After more than a decade you'd think the quality of health information on the Web would be getting better, but it's still abysmal. Or perhaps more accurately, quality content is becoming harder to find as search engines swell up with optimized sites -- the natural evolution of "link farms" -- that regurgitate generic information festooned with a spray of advertising links.
At best, you wind up wasting time on a crummy site like this one, registered with fake WHOIS information and littered with ads for indigestion treatments. Then there is this site, the top result in a Google search on the words "kidney stones symptoms," that's got all the value of most parked pages, existing merely to harvest PPC revenue.Unfortunately, there's not much help for the novice searcher other than to become a more informed consumer of health information. For instance, I can tell this relatively pedestrian diet site is not likely to give me any immediate help, because I have been evaluating, testing and writing about health sites for a decade. But what might someone else think?
The worst case scenario is stumbling on potentially harmful information. This site, in its wisdom, advocates drinking beer as a treatment for kidney stones. If you're taking pain medication with codeine in it, as you might well be if you're suffering from kidney stones, drinking beer won't hasten their passage. It might, though, hasten the dirt nap that one day claims us all.
By the way, type "alcohol codeine" into Google and the number five organic result is this illegal online pharmacy purporting to sell 30 pills for $102. You can tell it's illegal by looking up its registration info, which tells you: "The remote WHOIS server didn't respond to our request." The number one search result for "alcohol oxycodone" in Google is this site, hosted in Russia (Note: this particular search was performed in the UK, though Google.com was used rather than Google.co.uk) that, in its words, functions as "an international message board that educates the public about responsible drug use (with a focus on MDMA) by promoting free discussion. We advocate harm reduction and attempt to eliminate misinformation." Well, yeah, there's that, but there's also a lot of bad advice for chasing potentiated highs.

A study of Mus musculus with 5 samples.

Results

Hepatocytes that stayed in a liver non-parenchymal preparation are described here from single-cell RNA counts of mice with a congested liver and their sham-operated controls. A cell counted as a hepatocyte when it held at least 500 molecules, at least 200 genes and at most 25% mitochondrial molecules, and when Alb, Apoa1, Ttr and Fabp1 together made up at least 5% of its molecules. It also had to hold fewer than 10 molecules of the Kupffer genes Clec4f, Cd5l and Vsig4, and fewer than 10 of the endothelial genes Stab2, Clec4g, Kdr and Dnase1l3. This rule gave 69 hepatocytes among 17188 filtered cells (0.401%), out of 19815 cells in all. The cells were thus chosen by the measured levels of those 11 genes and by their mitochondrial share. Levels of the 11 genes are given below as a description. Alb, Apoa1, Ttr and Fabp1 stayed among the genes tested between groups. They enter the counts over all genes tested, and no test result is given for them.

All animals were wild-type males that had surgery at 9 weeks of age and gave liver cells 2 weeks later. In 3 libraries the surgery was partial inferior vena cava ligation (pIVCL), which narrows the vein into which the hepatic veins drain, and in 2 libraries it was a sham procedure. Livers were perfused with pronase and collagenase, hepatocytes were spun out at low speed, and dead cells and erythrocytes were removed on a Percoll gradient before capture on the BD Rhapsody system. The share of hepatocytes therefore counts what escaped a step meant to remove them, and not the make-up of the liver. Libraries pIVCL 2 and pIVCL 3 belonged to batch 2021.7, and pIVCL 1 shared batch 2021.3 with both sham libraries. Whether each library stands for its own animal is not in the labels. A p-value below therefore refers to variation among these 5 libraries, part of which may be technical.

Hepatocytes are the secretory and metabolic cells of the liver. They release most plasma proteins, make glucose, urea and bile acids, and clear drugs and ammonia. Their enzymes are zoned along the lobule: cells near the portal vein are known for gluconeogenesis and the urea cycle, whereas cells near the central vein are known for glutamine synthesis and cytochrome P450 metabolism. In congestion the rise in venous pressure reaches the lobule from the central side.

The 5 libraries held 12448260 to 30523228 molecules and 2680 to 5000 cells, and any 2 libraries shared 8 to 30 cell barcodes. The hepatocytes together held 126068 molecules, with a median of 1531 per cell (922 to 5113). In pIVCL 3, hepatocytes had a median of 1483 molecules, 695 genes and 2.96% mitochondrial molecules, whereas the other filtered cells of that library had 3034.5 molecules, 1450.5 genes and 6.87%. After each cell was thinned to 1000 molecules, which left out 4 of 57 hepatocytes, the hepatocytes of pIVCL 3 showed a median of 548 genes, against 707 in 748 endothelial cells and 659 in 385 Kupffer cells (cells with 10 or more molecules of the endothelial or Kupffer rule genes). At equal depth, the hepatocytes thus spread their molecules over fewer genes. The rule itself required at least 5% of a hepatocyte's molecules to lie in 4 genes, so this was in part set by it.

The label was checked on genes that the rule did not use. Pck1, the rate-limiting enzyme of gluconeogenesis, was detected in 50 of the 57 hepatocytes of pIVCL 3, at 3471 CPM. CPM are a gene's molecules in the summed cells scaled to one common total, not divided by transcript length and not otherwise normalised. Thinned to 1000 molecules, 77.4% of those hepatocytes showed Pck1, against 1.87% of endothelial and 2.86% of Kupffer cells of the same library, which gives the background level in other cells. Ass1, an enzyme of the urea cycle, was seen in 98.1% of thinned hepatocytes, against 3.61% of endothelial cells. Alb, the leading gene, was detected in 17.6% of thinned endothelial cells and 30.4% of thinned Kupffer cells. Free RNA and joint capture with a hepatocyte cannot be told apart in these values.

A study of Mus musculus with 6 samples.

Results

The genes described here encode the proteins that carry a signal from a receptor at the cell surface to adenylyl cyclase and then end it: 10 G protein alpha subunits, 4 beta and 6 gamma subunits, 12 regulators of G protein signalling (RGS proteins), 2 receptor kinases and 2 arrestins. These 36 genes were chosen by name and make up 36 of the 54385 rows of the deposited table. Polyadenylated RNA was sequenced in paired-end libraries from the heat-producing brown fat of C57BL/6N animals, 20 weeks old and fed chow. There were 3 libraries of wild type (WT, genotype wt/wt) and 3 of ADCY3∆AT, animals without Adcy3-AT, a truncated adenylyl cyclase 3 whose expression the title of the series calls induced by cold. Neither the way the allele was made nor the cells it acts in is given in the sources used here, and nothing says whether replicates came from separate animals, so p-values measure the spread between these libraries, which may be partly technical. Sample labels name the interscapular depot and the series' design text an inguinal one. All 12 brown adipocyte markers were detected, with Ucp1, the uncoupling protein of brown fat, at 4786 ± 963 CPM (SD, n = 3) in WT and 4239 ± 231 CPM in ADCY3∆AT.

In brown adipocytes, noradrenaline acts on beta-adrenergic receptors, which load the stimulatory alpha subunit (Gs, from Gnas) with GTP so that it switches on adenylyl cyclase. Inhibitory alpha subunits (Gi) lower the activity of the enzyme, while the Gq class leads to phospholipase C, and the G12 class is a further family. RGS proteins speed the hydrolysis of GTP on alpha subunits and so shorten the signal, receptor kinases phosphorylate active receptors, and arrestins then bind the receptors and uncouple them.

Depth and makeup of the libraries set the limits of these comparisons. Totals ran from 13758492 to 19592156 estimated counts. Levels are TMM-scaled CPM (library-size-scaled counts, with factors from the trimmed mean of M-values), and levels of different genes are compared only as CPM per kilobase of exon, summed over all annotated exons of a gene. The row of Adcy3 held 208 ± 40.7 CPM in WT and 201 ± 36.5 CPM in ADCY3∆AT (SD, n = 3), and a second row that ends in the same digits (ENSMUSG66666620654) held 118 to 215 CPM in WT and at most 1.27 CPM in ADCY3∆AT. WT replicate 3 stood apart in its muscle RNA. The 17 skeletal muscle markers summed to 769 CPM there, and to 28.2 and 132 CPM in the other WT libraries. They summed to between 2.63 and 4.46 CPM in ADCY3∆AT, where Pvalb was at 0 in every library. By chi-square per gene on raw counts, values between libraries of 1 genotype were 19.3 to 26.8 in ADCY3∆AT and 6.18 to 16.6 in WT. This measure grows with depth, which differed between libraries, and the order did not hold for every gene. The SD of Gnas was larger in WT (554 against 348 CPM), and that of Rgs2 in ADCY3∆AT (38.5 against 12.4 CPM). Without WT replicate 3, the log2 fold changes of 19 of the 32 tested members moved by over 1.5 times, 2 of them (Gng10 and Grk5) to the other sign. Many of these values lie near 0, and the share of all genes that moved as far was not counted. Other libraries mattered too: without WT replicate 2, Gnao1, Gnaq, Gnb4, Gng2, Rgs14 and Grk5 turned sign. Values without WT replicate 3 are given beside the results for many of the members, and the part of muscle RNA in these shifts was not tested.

By their nature and visual construction, search engines set priorities for us. They create ordered lists according, supposedly, to relevance. When someone looks at the top 10 most prominently listed sites on a Google page in a search for joint pain or concussion symptoms, they naturally assume the higher the ranking, the more important or relevant the information. That's not the case, because the system is being radically gamed. All but one of the sites we have talked about -- the exception is the Bluelight drug information site -- are some combination of pay-per-click or parked or "PPC" pages, heavily search-engine optimized (SEO) to wind up high in organic, that is, unpaid search engine rankings. And we've been using Google, which is the gold standard in terms of trying to evaluate content risks.
Here are some steps to take for finding the most relevant health search information:
1. Use more than the first page of search engine results. Go two or three pages in at least.
2. Seek non-profit sites. Even some of the best for-profit health information sites accept ad listings from dubious sources. The best way to tell you are on the right track is if the site address ends in .gov or .edu. Unfortunately, the .org suffix generally reserved for non-profits has been extensively compromised by scam artists.
3. Look for seals from third-party organizations such as VIPPS for pharmacies, but keep in mind these can be easily faked or are weak and unenforced.
4. The best sites, whether non-profit or for-profit, will list some sort of evidence that a medical expert has reviewed the content.
5. Pick up the phone and call or go down to the drugstore and talk to a pharmacist. It's free, they're usually helpful, and they usually know what they are talking about.